It takes more than just engaging content to have a successful MOOC. Through an inquiry-based process, our partner The Friday Institute discovered that offering multiple ways for participants to connect during the MOOC led to more positive outcomes. “The success of the course hinges on meaningful peer connections.
I have very mixed feelings about the results of this MOOC as reported here. First, I am very glad some folks are trying to make online courses more MOOC-like by adding technology like Voxer and Google Hangouts on Air to the mix. But… it is still a “course”, a top-downed entity, just as hierarchical and just as rooted in the needs of those who have created the course as any online course has ever been. And that is fine but it is not to be confused with something like #CLMOOC or any other connectivist MOOC that values the making of meaning rather than the re-discovery of others’ meaning.
Second, I am struck by the effort these folks went toward marketing their approach. I wish we had done the same after CLMOOC. The good news is that we still could. Maybe it is being done and I am just out of the loop. If so, then let me know how I can help. When I see the bragging being done about adding two community channels, I ask myself, “How many channels were our community members using?” And, of course, the answer is, “As many as were called for.” To my connectivist mine the issue is to make the course better but making the community better. I am reminded of something Jim Groom once said in passing (and I very loosely paraphrase here) that he wanted to create communities of forever and not courses for now. If he didn’t say that then I claim it as my own because that is what I want to do. The big question is whether or not I can do that for courses I am teaching right now. Do I just add a few channels to my existing course (a G+ community and Remind channel for every course I teach like I do now) or do I create a “forever” community? Is that even possible given the constraints we work under?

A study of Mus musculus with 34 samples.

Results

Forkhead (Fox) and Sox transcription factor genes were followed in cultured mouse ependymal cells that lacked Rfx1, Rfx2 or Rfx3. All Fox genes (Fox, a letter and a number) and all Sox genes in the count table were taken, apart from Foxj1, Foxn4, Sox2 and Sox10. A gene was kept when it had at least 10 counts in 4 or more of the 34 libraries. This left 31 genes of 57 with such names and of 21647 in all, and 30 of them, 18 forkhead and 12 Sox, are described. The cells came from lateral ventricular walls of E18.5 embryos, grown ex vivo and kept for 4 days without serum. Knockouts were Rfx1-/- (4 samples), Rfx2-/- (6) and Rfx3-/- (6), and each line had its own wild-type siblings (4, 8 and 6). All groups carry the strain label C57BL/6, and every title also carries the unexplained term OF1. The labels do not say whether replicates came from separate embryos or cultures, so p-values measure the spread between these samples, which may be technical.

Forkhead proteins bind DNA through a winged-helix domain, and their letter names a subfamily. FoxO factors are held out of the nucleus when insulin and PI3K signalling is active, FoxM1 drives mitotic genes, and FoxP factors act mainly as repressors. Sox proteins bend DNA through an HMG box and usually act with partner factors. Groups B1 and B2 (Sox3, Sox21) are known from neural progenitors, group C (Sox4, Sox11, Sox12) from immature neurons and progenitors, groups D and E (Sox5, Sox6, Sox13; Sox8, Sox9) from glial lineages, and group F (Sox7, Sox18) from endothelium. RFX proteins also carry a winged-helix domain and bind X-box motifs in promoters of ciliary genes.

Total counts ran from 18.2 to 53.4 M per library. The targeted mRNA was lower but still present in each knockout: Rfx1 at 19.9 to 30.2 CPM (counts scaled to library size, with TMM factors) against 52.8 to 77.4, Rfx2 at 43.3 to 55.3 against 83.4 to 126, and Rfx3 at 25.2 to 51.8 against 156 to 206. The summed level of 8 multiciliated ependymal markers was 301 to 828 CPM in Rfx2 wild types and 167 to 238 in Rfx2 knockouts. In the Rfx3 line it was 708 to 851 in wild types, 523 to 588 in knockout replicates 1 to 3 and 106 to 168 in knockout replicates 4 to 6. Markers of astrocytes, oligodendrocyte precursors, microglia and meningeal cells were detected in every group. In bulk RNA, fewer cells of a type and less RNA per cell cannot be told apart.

No matter, I hail the work of the folks at Learning Differences MOOC for Educators (MOOC-Ed) for trying. Now if only the content of their course could change based upon the wisdom of their community, if only iconoclasts with different views about ‘mindset’ and ‘learning styles’ were also allowed to shape the course and the community, if only…then you have something approaching a community. Maybe that happened for MOOC-Ed. I would to learn more about that if they did. Mostly, I want folks to know more about the learning miracle called CLMOOC.